Frederick Sparks at Black Skeptics on Be Scofield, Greta Christina, and New Atheist Racism

There have been a lot of discussions about Be Scofield’s piece in Tikkun, chiding the so-called “New Atheists” for being racist and culturally imperialist because we think religion is mistaken and try to persuade people out of it.

I’m more than usually swamped for time right now, and don’t have time to get more deeply into the conversation. But I wanted to point out an excellent piece by Frederick Sparks at the Black Skeptics blog — Be Scofield, Greta Christina, and New Atheist racism — which dismantles Scofield’s piece with surgical precision, and hands it back to Scofield in neat little bloody pieces on a platter.

I especially liked how Sparks eviscerated Scofield’s out-of-context quoting of Sikivu Hutchinson’s Moral Combat, revealing that Scofield either didn’t read the rest of the book or didn’t digest its conclusions — since its conclusions are exactly the opposite of the one Scofield comes to.

If I started quoting the best bits, I’d just quote the whole damn thing. But I do want to mention this:

I don’t see an either or proposition between advocating for rational thought, where beliefs are based on evidence, and confronting issues of social justice. The idea that black people should be left alone in their clinging to Jesus due to their history of oppression smacks of just as much paternalism as what Scofield accuses the white new atheists of here.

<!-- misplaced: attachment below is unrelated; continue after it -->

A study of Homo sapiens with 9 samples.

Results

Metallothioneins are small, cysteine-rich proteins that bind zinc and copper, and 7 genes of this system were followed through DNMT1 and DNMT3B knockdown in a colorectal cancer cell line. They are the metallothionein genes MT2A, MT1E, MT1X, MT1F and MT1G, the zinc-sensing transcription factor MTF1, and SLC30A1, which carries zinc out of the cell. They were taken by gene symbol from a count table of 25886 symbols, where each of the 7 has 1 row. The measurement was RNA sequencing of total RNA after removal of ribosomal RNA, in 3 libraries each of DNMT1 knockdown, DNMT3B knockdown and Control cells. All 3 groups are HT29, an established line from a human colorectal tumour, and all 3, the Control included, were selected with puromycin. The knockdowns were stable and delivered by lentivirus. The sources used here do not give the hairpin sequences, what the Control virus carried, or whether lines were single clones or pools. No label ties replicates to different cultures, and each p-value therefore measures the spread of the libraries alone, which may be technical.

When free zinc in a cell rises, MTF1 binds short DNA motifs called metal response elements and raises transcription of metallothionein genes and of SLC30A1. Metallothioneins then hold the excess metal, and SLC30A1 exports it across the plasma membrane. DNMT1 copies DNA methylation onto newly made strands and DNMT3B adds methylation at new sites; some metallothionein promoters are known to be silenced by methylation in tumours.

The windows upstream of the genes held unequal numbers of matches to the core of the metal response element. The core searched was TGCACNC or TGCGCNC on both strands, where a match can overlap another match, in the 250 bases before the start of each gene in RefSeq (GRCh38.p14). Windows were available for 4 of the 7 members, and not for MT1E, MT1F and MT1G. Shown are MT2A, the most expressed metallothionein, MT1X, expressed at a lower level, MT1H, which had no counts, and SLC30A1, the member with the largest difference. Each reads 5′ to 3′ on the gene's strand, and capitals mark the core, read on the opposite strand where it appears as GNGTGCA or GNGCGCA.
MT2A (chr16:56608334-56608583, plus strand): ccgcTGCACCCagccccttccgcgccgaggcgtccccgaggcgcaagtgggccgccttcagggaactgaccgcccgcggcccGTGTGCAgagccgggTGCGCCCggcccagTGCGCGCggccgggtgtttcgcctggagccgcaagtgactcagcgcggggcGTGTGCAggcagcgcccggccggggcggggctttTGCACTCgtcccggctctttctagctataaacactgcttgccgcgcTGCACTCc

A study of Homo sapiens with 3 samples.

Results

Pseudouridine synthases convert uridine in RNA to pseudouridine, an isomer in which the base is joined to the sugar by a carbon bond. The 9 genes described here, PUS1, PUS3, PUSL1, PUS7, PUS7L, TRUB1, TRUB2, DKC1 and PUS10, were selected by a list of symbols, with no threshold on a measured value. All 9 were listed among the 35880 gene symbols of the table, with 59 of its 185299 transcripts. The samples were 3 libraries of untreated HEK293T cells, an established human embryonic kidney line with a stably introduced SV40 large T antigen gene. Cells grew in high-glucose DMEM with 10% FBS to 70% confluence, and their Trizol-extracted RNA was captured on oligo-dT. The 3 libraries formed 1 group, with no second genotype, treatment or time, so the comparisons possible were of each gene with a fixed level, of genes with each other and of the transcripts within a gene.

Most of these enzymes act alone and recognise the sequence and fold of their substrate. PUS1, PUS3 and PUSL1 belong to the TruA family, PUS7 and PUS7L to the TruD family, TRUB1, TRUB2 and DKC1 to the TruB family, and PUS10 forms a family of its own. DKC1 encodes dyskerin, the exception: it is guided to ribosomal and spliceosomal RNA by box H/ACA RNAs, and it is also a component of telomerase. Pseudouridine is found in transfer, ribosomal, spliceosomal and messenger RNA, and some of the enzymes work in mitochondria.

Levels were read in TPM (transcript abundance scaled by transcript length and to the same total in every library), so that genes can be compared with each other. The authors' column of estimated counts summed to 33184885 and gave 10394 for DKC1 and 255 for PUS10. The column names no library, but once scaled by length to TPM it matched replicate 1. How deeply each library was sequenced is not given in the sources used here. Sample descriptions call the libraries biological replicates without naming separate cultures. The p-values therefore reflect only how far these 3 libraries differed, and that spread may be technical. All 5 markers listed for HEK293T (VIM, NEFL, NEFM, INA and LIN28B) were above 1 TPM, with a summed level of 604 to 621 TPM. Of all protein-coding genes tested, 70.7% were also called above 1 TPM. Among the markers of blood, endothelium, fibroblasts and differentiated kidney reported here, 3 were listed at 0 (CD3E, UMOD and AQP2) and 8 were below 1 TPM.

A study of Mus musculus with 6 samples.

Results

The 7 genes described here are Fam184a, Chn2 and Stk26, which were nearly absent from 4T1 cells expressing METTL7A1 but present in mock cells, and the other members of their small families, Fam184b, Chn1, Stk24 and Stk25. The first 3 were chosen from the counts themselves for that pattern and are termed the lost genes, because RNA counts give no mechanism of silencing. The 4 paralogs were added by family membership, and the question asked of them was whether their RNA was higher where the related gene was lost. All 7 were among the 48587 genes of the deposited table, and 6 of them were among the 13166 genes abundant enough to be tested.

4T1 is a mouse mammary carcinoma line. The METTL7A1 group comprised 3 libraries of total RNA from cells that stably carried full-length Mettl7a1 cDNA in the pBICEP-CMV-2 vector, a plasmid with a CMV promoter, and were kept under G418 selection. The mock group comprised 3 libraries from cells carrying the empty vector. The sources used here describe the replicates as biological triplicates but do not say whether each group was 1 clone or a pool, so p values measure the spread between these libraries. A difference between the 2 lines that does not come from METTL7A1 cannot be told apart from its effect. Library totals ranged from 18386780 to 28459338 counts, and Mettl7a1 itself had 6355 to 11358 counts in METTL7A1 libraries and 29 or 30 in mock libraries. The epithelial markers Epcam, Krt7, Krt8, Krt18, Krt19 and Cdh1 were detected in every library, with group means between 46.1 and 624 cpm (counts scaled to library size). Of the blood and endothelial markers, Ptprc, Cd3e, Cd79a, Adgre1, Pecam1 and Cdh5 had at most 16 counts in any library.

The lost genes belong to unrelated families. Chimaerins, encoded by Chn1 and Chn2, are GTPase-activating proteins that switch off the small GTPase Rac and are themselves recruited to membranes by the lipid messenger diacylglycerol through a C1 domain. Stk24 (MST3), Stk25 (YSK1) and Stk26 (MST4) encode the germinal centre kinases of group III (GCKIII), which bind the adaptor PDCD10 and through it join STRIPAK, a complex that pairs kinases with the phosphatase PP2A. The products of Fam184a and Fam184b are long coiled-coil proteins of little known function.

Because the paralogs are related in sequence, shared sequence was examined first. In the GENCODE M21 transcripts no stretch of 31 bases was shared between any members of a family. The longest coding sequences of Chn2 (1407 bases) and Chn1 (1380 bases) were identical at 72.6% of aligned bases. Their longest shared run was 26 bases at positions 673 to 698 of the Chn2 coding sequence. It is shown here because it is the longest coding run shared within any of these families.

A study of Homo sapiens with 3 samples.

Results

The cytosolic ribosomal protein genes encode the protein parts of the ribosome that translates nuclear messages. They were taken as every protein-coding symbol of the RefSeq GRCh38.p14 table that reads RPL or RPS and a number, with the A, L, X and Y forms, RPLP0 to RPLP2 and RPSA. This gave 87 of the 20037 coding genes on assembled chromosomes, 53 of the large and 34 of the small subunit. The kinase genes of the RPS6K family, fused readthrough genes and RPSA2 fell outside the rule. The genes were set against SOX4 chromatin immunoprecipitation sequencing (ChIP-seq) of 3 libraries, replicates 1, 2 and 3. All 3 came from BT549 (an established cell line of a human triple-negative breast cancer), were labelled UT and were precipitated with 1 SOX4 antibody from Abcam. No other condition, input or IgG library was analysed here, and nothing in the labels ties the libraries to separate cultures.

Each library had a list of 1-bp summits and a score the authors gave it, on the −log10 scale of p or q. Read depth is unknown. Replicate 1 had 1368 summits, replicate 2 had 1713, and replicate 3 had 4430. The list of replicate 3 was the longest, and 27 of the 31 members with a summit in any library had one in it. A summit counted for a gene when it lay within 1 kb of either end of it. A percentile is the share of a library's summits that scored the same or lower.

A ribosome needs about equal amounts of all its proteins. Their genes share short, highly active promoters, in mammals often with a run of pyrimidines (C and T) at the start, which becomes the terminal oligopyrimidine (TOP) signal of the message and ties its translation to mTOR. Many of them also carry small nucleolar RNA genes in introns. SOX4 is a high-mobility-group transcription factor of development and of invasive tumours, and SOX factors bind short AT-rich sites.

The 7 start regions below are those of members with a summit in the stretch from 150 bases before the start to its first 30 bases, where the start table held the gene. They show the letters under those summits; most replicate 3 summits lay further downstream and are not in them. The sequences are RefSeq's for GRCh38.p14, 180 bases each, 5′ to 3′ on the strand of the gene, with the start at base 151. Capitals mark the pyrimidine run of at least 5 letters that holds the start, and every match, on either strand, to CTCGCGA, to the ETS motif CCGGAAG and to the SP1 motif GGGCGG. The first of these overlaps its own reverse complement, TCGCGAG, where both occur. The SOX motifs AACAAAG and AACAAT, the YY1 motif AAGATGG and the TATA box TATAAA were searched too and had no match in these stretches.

Go read the rest of the piece. It rocks.

Frederick Sparks at Black Skeptics on Be Scofield, Greta Christina, and New Atheist Racism

6 thoughts on “Frederick Sparks at Black Skeptics on Be Scofield, Greta Christina, and New Atheist Racism

  1. 2

    Thanks for pointing out this piece, it is a great article and I’m glad to discover yet another intelligent spokesperson for the atheist and secular cause.

  2. 4

    I have recently read somewhere else a letter that Martin Luther King wrote from prison in response to a letter sent to him signed by the clergy of various black churches. Anyone who has tried to claim that these churches were in support of the Civil Rights movement is shown that they are in error by the contents of this letter. The internet has made it really easy to prove to people who are wrong that they are wrong.

    The other thing that I learned from the letter was that laws giving equality to black people and against segregation were already in place at that time. The protests were about certain people finding the law to be inconvenient and ignoring it. People ignoring a law that they don’t happen to like, now why does that ring a bell?

  3. 6

    Althea H. Claw gives a link in #5 to Scofield’s latest feat of hole digging. I particularly like this comment:

    It must be difficult to move goalposts while simultaneously building strawmen.